Gettingstarted1928 wrote:I have two questions I was hoping someone could answer:
1. When should we start applying to DA/PD offices for a summer internship? I keep on hearing people talk about applying to private sector internships as early as December, but that seems a little early for DA/PD offices.
2. What does a typical day at either of these offices look like for interns? How about for attorneys working in these offices? I've always assumed the day consists mainly of research, writing memos (are memos even used in criminal law?), and court.
1. Unless you somehow know that the office won't accept applications yet, apply ASAP. Worst case scenario they'll just tell you to wait and reapply later, and you don't risk missing out on an opportunity.
2. This is totally dependent on the office. As a 1L you will probably be doing research and writing motions, interviewing witnesses and clients, and observing court. As a 2L you will be more involved in court.
1) I had one of the greatest PD experiences ever my 1L summer, and I didn't even apply for it until March. That said, at that point I'd been sending out resumes for months and freaking out from the pile of rejection letters. Competition can be fierce, especially for bigger or more prestigious opportunities; one Federal Defender office told me they interviewed 74 people for 1 internship spot. If I'd found something sooner, I'd have taken it.
I would say, A) apply ASAP for everything that is accepting applications now, but B) don't freak out if that doesn't pan out, because if you keep trying you could still find something later.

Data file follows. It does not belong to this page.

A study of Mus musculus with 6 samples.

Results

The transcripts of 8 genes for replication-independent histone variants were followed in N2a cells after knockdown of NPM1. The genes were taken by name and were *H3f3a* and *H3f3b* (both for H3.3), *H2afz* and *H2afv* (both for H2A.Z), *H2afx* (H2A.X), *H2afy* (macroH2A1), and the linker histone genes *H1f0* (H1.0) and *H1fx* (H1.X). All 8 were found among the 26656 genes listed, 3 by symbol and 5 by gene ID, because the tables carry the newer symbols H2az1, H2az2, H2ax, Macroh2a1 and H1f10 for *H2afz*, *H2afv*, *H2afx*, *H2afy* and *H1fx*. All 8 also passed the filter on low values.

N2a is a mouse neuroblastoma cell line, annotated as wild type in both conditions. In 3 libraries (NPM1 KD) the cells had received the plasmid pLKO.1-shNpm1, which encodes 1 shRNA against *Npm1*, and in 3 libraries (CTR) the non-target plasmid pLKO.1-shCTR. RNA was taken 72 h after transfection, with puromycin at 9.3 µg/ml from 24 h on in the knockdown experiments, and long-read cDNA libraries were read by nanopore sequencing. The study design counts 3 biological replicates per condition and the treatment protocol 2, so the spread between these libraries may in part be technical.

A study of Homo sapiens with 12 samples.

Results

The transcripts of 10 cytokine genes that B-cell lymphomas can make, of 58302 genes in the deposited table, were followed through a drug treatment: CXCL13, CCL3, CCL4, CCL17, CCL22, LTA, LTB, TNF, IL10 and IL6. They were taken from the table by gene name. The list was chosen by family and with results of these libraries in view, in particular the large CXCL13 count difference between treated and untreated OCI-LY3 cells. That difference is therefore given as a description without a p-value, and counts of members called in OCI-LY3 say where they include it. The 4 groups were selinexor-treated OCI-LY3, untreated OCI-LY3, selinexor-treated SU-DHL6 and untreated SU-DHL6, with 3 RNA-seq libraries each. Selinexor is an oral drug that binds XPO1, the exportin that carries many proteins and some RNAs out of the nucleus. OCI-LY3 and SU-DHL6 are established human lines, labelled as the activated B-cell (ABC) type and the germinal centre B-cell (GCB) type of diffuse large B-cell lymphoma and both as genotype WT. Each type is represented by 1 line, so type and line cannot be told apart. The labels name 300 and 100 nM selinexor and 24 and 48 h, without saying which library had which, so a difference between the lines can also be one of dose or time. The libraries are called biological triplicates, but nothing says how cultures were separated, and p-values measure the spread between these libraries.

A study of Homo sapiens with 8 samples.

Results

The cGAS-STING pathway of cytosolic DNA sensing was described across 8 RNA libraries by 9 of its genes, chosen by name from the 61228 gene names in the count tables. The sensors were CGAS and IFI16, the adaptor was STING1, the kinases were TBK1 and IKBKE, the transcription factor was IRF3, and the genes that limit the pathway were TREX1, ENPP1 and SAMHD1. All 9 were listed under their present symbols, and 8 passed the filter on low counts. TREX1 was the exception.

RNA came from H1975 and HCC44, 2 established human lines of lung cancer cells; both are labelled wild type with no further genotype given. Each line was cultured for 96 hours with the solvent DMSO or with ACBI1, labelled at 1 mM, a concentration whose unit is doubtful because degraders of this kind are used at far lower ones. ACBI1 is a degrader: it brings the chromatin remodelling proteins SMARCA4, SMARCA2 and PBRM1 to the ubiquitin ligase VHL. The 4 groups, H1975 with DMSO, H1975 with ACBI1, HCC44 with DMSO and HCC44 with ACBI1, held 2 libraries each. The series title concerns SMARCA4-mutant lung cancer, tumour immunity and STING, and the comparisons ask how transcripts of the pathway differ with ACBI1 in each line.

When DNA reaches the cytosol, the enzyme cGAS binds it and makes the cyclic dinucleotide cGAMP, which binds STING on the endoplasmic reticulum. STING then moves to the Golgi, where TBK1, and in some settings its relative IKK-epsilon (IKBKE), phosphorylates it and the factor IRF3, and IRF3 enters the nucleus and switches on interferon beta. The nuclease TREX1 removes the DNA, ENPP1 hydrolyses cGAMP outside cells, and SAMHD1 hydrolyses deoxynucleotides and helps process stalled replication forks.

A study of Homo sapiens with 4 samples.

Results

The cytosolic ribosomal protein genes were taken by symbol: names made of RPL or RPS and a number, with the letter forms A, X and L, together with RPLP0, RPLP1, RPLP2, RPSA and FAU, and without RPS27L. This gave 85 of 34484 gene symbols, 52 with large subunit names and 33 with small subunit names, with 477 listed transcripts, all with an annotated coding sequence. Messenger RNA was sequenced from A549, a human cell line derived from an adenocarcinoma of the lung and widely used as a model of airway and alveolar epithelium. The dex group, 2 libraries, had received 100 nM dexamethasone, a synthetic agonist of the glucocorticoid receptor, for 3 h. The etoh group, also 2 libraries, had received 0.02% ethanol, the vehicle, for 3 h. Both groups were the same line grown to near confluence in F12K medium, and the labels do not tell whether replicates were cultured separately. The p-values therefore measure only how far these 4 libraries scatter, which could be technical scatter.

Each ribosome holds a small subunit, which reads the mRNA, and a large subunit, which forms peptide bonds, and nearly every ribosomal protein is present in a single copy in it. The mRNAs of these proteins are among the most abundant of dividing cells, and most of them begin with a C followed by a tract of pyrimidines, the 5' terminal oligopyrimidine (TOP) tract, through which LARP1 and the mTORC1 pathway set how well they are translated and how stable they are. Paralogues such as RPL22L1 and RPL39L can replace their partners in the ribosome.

2) As mentioned above, typical day for an intern can vary greatly. There are some general expectations you can have, though. 1Ls will typically get to do more observation and lighter tasks; this can mean observing an attorney during court appearances and trials, which is still valuable learning experience. 2Ls will likely get more responsibility and more hands-on work.
For attorneys, there's a mix of activities. Very few cases actually go to trial (if I remember correctly, in NYC 99% of cases are either plead out or dismissed). However, there are plenty of other activities to keep attorneys in court, including arraignments, pre-trial motion hearings, and plea allocutions. A "typical" day could involve court appearances (arraignments, hearings, trials), meeting clients (which can mean visits to arraignment/jail), legal research and writing (someone has to write those motions), and case research (which can involve talking to the client's family and witnesses, etc.). Some days they only have to do one of those things; some days they have to do all of them.